A Teesside University student who took the unusual step of spending his third year industry placement working for himself is embarking on a £100,000 crowdfunding campaign to develop his business further.
James Drew came up with the concept for Ambix - an intuitive intranet that allows secure networking and collaboration - while studying for his Web Development degree.
Instead of going to work for an external company in his third year, he asked the university if he could set up his own to work further on the idea.
Kate Baucherel, an experienced business consultant, then joined as a director and agreed to act as James’ supervisor.
Within only a few weeks, JDrew Creations secured its first major customer in the North East Process Industry Cluster (NEPIC), which opted to use the technology for its Business Acceleration for SMEs (BASME) project.
James, who will graduate next month with a first class BSc (Hons) degree, has since grown the company to employ four people and has moved to new offices in Stockton’s Digital House.
Now, he is looking to take Ambix to the next level with a crowdfunding campaign through which he hopes to raise up to £100,000 in return for 17% of the shares in the company.
He said: “I was hoping to use the placement year to develop the concept, but when NEPIC bought the Beta version, all of a sudden we were up and running as a business.
“It’s been amazingly hectic - particularly my final year - but my tutors have given me a lot of support.
“I’m massively grateful to them for allowing me to run my own business as my placement year.
“Doing a work placement is fantastic experience and now we’re in a position to offer undergraduates the chance to benefit from one.”
JDrew Creations recently employed Jordan McCord, a Teesside student who will also be graduating next month, as a UI/UX Designer.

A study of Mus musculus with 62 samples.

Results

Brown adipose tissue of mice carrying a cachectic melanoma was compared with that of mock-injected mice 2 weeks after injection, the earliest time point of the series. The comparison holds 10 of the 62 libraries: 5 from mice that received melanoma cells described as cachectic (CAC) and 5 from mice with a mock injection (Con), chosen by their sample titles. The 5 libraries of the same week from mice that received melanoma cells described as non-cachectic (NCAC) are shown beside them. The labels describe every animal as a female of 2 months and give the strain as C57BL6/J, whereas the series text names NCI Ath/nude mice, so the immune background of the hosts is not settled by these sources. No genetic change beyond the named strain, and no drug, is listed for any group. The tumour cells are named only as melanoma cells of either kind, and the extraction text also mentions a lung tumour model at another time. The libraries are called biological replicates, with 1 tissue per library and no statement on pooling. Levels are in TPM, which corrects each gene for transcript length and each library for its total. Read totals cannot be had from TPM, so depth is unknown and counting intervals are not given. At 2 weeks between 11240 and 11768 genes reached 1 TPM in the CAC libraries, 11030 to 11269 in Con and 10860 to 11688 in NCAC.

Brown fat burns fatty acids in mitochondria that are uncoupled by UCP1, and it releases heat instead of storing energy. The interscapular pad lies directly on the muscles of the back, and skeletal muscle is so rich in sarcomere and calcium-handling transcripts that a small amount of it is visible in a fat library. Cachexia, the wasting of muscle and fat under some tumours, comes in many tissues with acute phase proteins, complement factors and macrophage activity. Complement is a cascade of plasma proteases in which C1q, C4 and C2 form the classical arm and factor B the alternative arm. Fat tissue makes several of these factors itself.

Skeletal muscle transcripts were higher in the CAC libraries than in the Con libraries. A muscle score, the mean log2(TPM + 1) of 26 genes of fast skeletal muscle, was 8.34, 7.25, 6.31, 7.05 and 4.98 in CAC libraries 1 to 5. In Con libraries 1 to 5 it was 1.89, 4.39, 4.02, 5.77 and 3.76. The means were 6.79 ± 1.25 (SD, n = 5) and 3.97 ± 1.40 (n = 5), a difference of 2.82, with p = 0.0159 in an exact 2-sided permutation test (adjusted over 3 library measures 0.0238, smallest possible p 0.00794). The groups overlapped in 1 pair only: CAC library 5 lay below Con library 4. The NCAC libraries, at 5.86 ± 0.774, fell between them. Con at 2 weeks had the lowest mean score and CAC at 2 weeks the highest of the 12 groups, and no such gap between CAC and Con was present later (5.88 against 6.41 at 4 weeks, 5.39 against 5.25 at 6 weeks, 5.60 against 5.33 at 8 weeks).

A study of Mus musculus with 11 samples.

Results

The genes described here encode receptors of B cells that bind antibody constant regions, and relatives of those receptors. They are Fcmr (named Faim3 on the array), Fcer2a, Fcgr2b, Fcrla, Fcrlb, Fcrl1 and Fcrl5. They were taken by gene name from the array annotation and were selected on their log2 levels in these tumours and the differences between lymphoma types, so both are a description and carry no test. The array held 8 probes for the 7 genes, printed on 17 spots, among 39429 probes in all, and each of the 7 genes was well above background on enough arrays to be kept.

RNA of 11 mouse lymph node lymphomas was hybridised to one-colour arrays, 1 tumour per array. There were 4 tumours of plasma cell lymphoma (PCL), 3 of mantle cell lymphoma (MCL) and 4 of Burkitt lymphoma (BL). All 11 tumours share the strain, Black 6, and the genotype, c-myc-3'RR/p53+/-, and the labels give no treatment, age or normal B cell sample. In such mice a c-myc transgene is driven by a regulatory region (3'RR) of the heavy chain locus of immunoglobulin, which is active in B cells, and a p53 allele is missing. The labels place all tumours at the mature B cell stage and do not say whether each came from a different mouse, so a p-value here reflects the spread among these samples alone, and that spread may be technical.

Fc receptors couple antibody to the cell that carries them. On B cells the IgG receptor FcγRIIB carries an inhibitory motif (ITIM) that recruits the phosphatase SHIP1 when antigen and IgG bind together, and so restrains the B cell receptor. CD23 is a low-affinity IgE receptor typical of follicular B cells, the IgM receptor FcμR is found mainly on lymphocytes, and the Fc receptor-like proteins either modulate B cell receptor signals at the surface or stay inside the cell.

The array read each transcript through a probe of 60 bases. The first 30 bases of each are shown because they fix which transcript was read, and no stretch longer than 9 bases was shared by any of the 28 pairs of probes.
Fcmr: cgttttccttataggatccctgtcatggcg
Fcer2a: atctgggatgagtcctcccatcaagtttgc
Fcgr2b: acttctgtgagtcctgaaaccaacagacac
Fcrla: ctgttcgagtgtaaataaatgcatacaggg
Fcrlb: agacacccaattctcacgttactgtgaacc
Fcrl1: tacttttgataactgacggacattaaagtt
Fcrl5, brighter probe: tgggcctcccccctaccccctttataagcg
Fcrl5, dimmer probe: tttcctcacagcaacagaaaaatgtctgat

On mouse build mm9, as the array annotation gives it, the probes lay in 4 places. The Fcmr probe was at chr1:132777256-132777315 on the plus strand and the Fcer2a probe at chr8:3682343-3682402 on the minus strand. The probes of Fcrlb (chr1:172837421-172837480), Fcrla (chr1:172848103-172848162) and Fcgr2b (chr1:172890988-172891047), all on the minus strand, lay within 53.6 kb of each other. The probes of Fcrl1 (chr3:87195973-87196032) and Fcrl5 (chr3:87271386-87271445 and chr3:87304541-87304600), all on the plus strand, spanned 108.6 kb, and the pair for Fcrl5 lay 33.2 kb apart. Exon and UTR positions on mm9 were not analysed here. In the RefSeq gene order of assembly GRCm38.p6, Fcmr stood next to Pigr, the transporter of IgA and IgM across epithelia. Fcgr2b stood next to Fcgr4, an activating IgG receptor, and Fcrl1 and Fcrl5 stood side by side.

In addition, Adam Hilditch, a BA(Hons) Web and Multimedia Design student, will work for the company during his third year placement.
Kate Baucherel said: “From an employer’s point of view there’s a massive difference between a graduate who has been on placement and one who has not.
“I saw that Ambix had real commercial potential and so the placement year was an ideal opportunity to develop the concept.
“It’s a very unusual structure for a third year placement but the university has been incredibly supportive.”
Barry Hebbron, senior lecturer at Teesside University’s School of Computing, said: “We strive to foster an entrepreneurial spirit amongst our students and were happy to accommodate James with his unique request to work for himself during his placement year.
“We are very pleased that he has taken the opportunity to develop Ambix and JDrew Creations is growing into a successful company.
“We are also delighted that he is working with the university to offer students the chance to experience working within a growing company by offering placements to our undergraduates.
“Ambix is an exciting piece of software and we wish James and the team the best of luck with their crowd-funding drive.”
For more details on the crowdfunding campaign, visit www.growthfunders.com/investments/pitches/view/101.